Back before the days of photography, society relied on the ‘artist’s impression’ to see people they would never meet or places they would never go. Artists used drawing aids such as mirrors, prisms, lenses, and camera obscuras (Latin for dark room, although strictly speaking the plural should be camerae obscurae) to fine-tune their craft. In 1808 William Wollaston invented and patented the camera lucida which became very popular, very quickly. The camera lucida (Latin for light room), is simply a brass stand with a prism and a few lenses.
The camera lucida is still being used today, albeit by a select few who can get their hands on one (see note below). While seeking inspiration for yet another blog, I happened to stumble upon (not literally of course) ‘Forty Etchings, from sketches made with the Camera Lucida, in North America, in 1827 and 1828’ by Captain Basil Hall in our collections. As I was in possession of a camera lucida (on loan from a friend) and was heading off on holidays to Canada, it seemed a bit like fate that I should have a go at this for our blog.I ventured into this very tentatively, as one of the iconic ‘camera lucida’ stories comes from the pre-photographic days of William Henry Fox Talbot, who, on his honeymoon at Lake Como in Italy in 1833, was so miserable with his camera lucida that he decided to find a way to capture an image ‘by the agency of Light alone, without any aid whatever from the artist’s pencil’. Within a few years he had gone on to invent the photographic negative, just to compensate for the shortcomings of his own drawing.
The lucida’s prism is the heart of the instrument. The prism splits the image and allows the artist to see both their drawing paper and the subject simultaneously. Initially it can be a bit tricky to see as you are only seeing a small sliver of overlap between the two, split images. Some of my Special Collections colleagues wanted to have a go at this over the past few days while I had the lucida in the office. Strangely, people’s reactions were a bit mixed. The strain on the eyes and strange view can be a bit uncomfortable; two colleagues felt particularly unwell, noting headache and nausea after only a few minutes (the experiment was promptly stopped for my co-workers’ well-being). I for one felt fine and got used to the process rather quickly.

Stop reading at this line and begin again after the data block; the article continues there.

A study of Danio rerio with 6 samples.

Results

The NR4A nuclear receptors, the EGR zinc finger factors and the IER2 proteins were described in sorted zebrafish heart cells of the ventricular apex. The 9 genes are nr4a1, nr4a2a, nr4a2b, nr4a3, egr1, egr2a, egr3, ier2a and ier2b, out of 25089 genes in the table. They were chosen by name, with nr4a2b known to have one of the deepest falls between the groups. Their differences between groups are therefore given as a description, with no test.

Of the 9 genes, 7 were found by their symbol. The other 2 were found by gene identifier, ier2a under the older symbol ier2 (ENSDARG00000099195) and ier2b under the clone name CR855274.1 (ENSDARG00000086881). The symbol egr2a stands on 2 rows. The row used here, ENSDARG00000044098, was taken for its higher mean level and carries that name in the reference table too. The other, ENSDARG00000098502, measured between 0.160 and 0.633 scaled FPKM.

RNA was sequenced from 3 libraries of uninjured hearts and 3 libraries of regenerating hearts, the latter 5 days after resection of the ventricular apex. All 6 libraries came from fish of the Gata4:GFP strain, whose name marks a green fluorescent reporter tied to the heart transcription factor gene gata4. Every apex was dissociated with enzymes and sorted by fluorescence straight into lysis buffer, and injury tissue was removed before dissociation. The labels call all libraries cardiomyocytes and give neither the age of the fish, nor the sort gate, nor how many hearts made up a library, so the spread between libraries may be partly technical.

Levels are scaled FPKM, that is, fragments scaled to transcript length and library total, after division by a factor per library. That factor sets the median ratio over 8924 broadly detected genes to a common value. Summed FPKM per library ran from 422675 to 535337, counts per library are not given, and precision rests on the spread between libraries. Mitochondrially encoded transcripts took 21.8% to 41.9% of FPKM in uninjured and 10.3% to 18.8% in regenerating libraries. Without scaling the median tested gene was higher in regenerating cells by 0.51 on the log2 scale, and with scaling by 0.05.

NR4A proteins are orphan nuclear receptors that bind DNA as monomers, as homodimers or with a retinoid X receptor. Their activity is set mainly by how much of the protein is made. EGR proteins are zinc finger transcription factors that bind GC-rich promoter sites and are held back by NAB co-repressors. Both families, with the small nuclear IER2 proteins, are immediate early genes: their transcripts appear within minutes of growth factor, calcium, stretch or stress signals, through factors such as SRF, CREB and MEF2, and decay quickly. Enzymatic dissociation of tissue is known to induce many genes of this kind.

Captain Hall obviously had no issues mastering the use of the camera lucida. His book opens with an explanatory memorandum which states:
“This valuable instrument ought, perhaps, to be more generally used by travellers than it now is; for it enables a person of ordinary diligence to make correct outlines of many foreign scenes.”
It goes on “It should be recollected that in most cases, it is not striking or beautiful views that we require, but merely correct representations …” This is precisely what the lucida is meant to assist with: the portrayal of a realistic representation. Although the basic outline form can be drawn using the lucida, the details Hall drew in afterwards really added to the overall quality of the images.Once you have the lucida set up, you cannot move it until you have finished your drawing as it is really difficult to get the exact same alignment again. Most people use a good sturdy tripod with a flat surface attached as their drawing surface. As I prefer to do things the difficult way, and wasn’t travelling with a tripod, I just used what was available, i.e. a tall stool in one case and a small box in another.
I thought I would start off easy with a simple lake/beach/pier/lighthouse view. I realised quickly that far-away objects are more difficult to get right because of the limited detail one can actually capture with this instrument. The learning curve may be steep, but improvement can be seen pretty quickly. I was heartened to read in the Memorandum:
”… while persons altogether ignorant of the subject, are disappointed to find, that for the first day or two they advance but little. … But they may rest assured, that a little perseverance will put all these difficulties to flight, after which, the wonderful economy of time and trouble will bar more than overpay the short labour of the instruction”.
So I persevered, and by the end of my third drawing I was less depressed about my new artistic venture.
As pleased as I was to see my improvements, it was clear to see how Hall’s years of practice made him much better at drawing log cabins than I was.
It felt a bit unnatural at times as I couldn’t adjust the paper and my arm had to stay out of the way. In retrospect it would probably be easier to draw from left to right. I hadn’t ventured into the realm of adding shading and features. But by the end of my fourth drawing I was getting much more comfortable with the process.
Overall I think it was a fun tool to use if you like drawing but don’t have the confidence. Others I have spoken with who regularly use the lucida say ‘you really must be able to draw first’. In many respects I think this is correct, but even if you are a person of “ordinary diligence” you should find this tool a wonderful aid and well worth a shot!
Special thanks to Richard Cynan Jones for the loan of his camera lucida and allowing me to take it on a trans-Atlantic journey, it peaked the (friendly) curiosity of many airport security staff along the way.
NB: Getting your own camera lucida can be pretty expensive as they are pretty highly sought after items on eBay often fetching in the region of £200. However, in doing some research for this blog I found an old KickStarter page by two art teachers in Chicago who make a modern rendition of the camera lucida and a wonderfully reasonable rate. I haven’t personally known anyone who has tried this for themselves, but their lucida was so successful it will be getting a second production-run over the next few months. Check them out here if you fancy giving it a try for yourself?!